Please Vote for Me
A few years ago something remarkable happened at the Evergreen Primary School in Wuhan, China; while normally the position of Class Monitor is appointed by the a teacher, the students of Class 1, Grade 3 held an election instead. By no coincidence, documentarian Weijun Chen was there to record the proceedings, and what resulted was Please Vote for Me, a truly fascinating look into raw democracy.
The film is an exploration of what democracy would look like amongst a group of people with absolutely no notion of what it’s “supposed” to look like. Early on in the film, the extent of the students utter unfamiliarity with democracy is made plain, students are even unable to give any answer when asked what a vote is. Despite this, we quickly learn that the democracy these students create looks a lot like the democracy we in the west are so familiar with.
At the (presumably) the start of the school year, the Class 1 teacher informs her students that rather than appointing a student as Class Monitor for the year, they will have the opportunity to vote from three candidates. What follows is a campaign season filled with familiar scenes. The candidates are encouraged to recruit other students to work with them on their campaigns. We see lobbying, mud-slinging, cruelty and kindness. We see the challengers lambast the incumbent as a tyrant, while he insists he is only doing what is necessary. We see constant polling, we see enticement to vote through promises and gifts. We see candidates promising their supporters appointments to lesser positions in exchange for support, we see backstabbing, and soaring rhetoric. We see surprisingly substantive debates. It is truly a fascinating exploration of how much of our sophisticated political process, is really the type of thing that eight year-old children who’ve never voted for anything in their lives can figure out within a few days.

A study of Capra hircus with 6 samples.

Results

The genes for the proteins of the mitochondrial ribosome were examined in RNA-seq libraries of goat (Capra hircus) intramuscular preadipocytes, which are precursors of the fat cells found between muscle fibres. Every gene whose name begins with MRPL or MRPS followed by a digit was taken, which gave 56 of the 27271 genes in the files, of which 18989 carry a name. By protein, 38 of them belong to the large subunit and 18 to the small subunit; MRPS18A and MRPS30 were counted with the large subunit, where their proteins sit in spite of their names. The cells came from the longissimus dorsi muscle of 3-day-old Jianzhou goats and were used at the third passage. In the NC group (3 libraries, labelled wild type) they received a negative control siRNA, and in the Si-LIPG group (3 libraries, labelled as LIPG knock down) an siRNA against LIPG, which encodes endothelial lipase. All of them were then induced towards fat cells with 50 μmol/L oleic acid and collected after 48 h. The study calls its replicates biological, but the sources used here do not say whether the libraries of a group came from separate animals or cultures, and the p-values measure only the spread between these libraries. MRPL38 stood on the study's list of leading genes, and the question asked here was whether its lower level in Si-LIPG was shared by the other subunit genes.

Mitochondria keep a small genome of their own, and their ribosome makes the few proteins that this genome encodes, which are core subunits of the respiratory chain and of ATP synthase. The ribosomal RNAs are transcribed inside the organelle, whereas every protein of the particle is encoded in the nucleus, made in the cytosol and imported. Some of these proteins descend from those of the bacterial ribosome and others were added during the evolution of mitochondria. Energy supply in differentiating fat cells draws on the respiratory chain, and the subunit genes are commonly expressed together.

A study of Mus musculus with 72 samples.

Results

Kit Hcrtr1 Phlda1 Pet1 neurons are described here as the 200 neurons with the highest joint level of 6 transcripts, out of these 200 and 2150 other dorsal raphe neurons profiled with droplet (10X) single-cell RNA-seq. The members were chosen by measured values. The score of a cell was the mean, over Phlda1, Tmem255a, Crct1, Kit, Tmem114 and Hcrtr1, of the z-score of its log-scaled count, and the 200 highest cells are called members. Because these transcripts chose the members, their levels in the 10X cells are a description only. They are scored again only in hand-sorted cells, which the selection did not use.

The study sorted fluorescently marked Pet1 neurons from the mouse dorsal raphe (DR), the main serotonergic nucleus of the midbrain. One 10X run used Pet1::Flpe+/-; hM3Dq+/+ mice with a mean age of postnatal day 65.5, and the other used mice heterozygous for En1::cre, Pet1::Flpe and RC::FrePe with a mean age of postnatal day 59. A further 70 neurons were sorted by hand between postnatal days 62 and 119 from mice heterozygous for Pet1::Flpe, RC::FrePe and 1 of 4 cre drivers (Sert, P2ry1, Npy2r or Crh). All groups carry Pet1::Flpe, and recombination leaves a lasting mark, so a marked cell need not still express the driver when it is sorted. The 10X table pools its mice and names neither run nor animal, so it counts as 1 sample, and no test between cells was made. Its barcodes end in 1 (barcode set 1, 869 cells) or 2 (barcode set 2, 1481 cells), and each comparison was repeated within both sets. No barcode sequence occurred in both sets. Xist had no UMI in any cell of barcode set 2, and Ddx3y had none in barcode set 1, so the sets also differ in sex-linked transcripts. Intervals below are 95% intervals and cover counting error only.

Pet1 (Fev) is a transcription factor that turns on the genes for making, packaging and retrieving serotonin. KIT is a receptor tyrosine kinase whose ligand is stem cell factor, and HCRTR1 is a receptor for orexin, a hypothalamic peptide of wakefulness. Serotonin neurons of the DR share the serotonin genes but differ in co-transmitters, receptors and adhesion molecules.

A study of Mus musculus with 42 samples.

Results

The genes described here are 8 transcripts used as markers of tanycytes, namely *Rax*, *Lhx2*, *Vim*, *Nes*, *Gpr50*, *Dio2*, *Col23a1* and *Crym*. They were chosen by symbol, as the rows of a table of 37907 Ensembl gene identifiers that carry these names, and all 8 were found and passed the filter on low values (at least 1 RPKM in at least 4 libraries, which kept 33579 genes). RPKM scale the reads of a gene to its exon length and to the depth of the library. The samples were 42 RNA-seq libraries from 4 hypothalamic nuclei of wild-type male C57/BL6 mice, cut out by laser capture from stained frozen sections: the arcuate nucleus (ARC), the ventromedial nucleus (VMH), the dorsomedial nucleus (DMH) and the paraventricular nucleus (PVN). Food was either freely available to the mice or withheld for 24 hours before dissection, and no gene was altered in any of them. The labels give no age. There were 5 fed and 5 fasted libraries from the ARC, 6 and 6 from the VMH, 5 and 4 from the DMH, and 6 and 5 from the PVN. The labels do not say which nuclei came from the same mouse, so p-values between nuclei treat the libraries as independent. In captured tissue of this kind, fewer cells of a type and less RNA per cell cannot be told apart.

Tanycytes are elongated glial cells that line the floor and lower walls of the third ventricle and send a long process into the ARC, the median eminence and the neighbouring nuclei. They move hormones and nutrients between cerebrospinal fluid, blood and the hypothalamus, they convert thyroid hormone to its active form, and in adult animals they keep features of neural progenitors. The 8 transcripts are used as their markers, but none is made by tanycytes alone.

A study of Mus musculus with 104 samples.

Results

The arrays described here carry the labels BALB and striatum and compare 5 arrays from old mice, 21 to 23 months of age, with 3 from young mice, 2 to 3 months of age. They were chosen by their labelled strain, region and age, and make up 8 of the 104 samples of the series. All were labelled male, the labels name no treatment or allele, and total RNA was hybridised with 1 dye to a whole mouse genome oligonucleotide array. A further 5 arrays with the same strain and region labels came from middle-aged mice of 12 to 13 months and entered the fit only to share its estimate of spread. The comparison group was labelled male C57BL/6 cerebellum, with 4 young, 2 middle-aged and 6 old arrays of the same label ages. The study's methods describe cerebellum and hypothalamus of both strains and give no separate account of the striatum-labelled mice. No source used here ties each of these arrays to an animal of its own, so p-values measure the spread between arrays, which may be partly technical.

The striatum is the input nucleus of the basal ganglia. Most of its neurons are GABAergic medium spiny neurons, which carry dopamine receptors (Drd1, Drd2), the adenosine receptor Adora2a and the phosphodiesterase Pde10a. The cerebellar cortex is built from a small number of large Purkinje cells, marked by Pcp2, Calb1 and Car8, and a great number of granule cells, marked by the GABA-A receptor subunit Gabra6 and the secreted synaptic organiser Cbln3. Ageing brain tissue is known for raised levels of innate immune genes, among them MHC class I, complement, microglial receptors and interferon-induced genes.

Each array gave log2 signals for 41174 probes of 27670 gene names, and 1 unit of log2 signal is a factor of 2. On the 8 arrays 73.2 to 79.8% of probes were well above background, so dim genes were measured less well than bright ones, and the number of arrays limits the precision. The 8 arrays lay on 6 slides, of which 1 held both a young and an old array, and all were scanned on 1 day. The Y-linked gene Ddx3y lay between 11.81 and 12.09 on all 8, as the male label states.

Normally when I write a short “quick take” review like this, it’s because I didn’t have a lot of time, or I simply didn’t have much to say about the film. That’s not really the case here. I could go on quite a bit about Please Vote for Me. The three candidates are all really interesting young people, and I really wanted to go into a lot more detail on the nature of their campaign, but I’ve decided that I don’t want to diminish the experience of viewing this film. It’s short, and it’s masterful. There are no fancy graphics, or showy edits. There’s no omnipotent narrator. There’s just a group of children, discovering democracy, faults and all. It’s an absolute must-see.
UPDATE (10/21/12): Based on the logic above, I’ve decided to re-file this one as a “Full Review” it had been a “Quick Take” originally.